Monday, February 18, 2008

ANNIE LEIBOVITZ: LIFE THROUGH A LENS - weak doc; great career

Not that I condone fascism, or any -ism for that matter. -Ism's in my opinion are not good. A person should not believe in an -ism, he should believe in himself. I quote John Lennon, I don't believe in The Beatles, I just believe in me. Good point there. After all, he was the walrus. I could be the walrus. I'd still have to bum rides off people.ANNIE LEIBOWITZ: LIFE THROUGH A LENS is not a particularly well-made documentary. Film-maker and sister of the subject, Barbara Leibovitz, doesn't have much visual flair, imposes no daring structure onto the material and her editing doesn't draw out incisive comments. Nonetheless, LIFE THROUGH A LENS remains an interesting movie because it's about a fascinating and iconic photographer and features interviews with film-stars, rock musicians and famous politicians.

The documentary is basically a chronological and methodological look at Annie Leibovitz' career. By chance, Annie finds herself a student photographer in San Francisco in the 1960s - just as the cultural revolution is kicking off. She establishes her reputation with gritty photo-reportage for Rolling Stone - sitting aside the great chroniclers of that age - Hunter S Thompson and Tom Wolfe. Along with the politics, Annie also gets fantastic photos of all the great rock acts of the day by taking the time to hang out with them, put them at ease, and capture them off-guard. The downside of the frenetic lifestyle was drug addiction.

Some time around the end of the seventies, Rolling Stone "sold out" of San Francisco and moved to New York. It had grown up and gone mainstream. Annie also went mainstream. She cleaned up in rehab and went to work for Tina Brown at Vanity Fair. Her style of photography underwent two changes. First, Annie was photographing celebrities and film stars, pandering to the egos of the Trumps. Instead of capturing intimate pictures of grungy rockers, it was all about surface gloss and the "best side". Second, instead of capturing moments in reality, Annie was increasingly creating complicated story-board tableaux. These got more elaborate (and expensive) over time, and culminated in an over-dressed style that I personally find rather claustrophobic and alienating. Still, you can't deny that amid all the hoop-la there have been some iconic images - the naked pregnant Demi Moore, for example.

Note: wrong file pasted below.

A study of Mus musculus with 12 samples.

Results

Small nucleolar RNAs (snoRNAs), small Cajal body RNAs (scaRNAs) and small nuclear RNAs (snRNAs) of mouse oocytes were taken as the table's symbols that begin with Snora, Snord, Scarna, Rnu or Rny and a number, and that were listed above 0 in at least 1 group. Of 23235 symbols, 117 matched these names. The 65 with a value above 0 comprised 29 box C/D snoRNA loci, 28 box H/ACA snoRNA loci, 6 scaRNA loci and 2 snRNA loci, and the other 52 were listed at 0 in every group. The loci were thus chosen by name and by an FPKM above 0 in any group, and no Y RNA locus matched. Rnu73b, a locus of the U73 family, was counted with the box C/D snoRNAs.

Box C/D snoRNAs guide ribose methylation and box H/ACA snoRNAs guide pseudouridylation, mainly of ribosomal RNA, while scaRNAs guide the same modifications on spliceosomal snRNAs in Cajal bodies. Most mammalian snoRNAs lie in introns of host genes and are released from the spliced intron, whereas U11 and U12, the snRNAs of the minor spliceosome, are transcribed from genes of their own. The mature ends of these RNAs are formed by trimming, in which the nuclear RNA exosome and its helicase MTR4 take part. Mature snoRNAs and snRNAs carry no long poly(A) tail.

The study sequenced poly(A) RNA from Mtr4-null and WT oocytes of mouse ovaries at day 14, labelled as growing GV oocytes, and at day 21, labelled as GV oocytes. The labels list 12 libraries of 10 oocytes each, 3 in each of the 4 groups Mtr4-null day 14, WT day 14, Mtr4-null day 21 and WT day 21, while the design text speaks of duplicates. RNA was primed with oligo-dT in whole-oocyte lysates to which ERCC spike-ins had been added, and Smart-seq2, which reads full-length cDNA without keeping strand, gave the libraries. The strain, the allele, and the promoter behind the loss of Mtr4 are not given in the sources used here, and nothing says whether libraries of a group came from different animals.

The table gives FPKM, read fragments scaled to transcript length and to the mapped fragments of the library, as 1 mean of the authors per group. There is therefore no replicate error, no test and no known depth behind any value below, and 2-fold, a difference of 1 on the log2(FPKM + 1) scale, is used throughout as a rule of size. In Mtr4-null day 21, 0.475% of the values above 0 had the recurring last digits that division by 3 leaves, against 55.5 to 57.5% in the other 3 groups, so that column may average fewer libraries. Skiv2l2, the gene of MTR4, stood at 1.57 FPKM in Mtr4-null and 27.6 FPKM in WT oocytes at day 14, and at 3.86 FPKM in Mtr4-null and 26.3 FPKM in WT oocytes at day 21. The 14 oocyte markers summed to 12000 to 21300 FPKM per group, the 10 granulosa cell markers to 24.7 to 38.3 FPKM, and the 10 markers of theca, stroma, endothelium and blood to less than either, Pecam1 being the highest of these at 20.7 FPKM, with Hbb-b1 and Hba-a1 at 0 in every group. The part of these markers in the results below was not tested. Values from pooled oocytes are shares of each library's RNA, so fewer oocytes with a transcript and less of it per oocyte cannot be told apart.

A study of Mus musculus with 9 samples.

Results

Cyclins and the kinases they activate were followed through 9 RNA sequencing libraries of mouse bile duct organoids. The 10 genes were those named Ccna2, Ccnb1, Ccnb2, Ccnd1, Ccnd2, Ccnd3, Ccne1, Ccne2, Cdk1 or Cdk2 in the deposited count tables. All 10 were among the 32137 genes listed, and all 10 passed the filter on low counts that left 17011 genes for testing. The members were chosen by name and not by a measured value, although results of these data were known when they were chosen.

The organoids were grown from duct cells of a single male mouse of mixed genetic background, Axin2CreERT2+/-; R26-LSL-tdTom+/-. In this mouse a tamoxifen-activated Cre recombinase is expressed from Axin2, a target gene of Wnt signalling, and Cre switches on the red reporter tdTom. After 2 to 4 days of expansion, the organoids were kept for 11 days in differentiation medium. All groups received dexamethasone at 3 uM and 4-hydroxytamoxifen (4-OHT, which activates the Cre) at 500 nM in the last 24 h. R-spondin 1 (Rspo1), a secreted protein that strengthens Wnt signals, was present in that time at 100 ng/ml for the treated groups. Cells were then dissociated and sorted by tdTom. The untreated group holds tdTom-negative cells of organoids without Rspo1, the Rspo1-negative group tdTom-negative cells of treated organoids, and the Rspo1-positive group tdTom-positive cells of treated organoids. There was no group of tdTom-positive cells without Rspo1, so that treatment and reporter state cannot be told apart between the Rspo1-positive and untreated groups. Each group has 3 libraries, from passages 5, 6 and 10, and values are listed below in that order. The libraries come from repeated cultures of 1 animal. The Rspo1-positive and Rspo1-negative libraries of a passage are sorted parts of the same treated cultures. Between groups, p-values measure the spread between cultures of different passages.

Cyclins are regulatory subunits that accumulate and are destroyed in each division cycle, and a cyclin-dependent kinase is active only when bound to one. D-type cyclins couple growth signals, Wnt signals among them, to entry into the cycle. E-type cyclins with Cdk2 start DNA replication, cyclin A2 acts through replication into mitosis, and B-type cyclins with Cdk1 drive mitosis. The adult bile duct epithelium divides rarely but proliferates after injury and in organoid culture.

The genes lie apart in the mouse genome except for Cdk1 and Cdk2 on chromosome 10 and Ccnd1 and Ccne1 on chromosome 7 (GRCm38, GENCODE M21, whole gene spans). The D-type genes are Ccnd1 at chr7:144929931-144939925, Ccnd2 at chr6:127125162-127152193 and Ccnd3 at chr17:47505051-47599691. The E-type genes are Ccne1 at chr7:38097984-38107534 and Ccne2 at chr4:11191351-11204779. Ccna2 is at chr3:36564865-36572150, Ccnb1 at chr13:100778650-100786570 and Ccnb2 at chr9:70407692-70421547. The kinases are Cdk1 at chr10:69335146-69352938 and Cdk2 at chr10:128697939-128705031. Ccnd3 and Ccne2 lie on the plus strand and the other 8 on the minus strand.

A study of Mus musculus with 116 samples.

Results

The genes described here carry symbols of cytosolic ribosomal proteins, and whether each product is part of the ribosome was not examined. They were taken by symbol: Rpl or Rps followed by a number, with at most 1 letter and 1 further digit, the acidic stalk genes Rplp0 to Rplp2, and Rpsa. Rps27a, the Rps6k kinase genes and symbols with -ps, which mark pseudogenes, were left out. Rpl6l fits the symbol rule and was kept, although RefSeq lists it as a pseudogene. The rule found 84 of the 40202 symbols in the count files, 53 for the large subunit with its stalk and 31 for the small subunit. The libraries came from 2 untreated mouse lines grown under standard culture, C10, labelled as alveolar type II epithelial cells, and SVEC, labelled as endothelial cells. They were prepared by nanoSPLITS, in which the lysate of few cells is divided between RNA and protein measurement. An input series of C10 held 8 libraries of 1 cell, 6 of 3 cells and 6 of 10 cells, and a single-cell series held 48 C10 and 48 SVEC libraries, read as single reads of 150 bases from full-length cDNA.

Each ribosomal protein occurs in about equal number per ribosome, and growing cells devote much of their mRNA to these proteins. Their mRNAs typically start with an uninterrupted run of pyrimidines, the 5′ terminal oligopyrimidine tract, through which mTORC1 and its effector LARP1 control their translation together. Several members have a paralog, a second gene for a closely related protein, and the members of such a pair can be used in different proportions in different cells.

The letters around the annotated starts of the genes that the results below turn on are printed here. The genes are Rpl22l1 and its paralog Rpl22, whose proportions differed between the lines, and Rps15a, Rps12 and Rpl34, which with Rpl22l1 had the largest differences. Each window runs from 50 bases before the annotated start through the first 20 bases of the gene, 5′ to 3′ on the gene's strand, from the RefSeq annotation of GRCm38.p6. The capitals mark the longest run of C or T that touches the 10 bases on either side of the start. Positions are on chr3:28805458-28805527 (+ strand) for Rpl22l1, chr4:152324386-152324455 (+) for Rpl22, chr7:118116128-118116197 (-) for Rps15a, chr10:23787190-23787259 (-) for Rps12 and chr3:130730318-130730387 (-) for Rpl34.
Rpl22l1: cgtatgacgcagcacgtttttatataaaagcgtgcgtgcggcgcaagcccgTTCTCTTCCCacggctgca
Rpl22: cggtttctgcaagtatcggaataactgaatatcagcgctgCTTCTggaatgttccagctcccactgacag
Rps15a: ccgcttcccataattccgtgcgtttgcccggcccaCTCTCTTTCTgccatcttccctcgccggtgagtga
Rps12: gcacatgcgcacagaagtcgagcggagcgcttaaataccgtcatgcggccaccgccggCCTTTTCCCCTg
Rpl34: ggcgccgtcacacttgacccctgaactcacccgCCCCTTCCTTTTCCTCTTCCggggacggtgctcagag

The documentary was a great way to devote 90 minutes to really thinking about Annie's work and to see the evolution of her style. I saw a bunch of photographs I'd never seen before as well as learning about the context of some that I was aware of. Seeing everything chronologically made me realise just how far I had become alienated from her recent work, but also made me appreciate just how much I loved those early Rolling Stone pictures.

What this movie isn't is a film about Annie Leibovitz' personal life. The drug addiction is dealt with very quickly. We do see Annie discuss her relationship with, and photographs of, Susan Sontag - but this is obviously deeply distressing and passes quickly. Some reviewers have criticised this discretion. I disagree. Leibovitz herself argues that her most important relationship has been with her work. As such, the focus of this documentary is spot on.

ANNIE LEIBOVITZ was released in the US and Spain in 2007 and opened in Japan earlier in the year. It is currently on release in the UK and opens in France in June.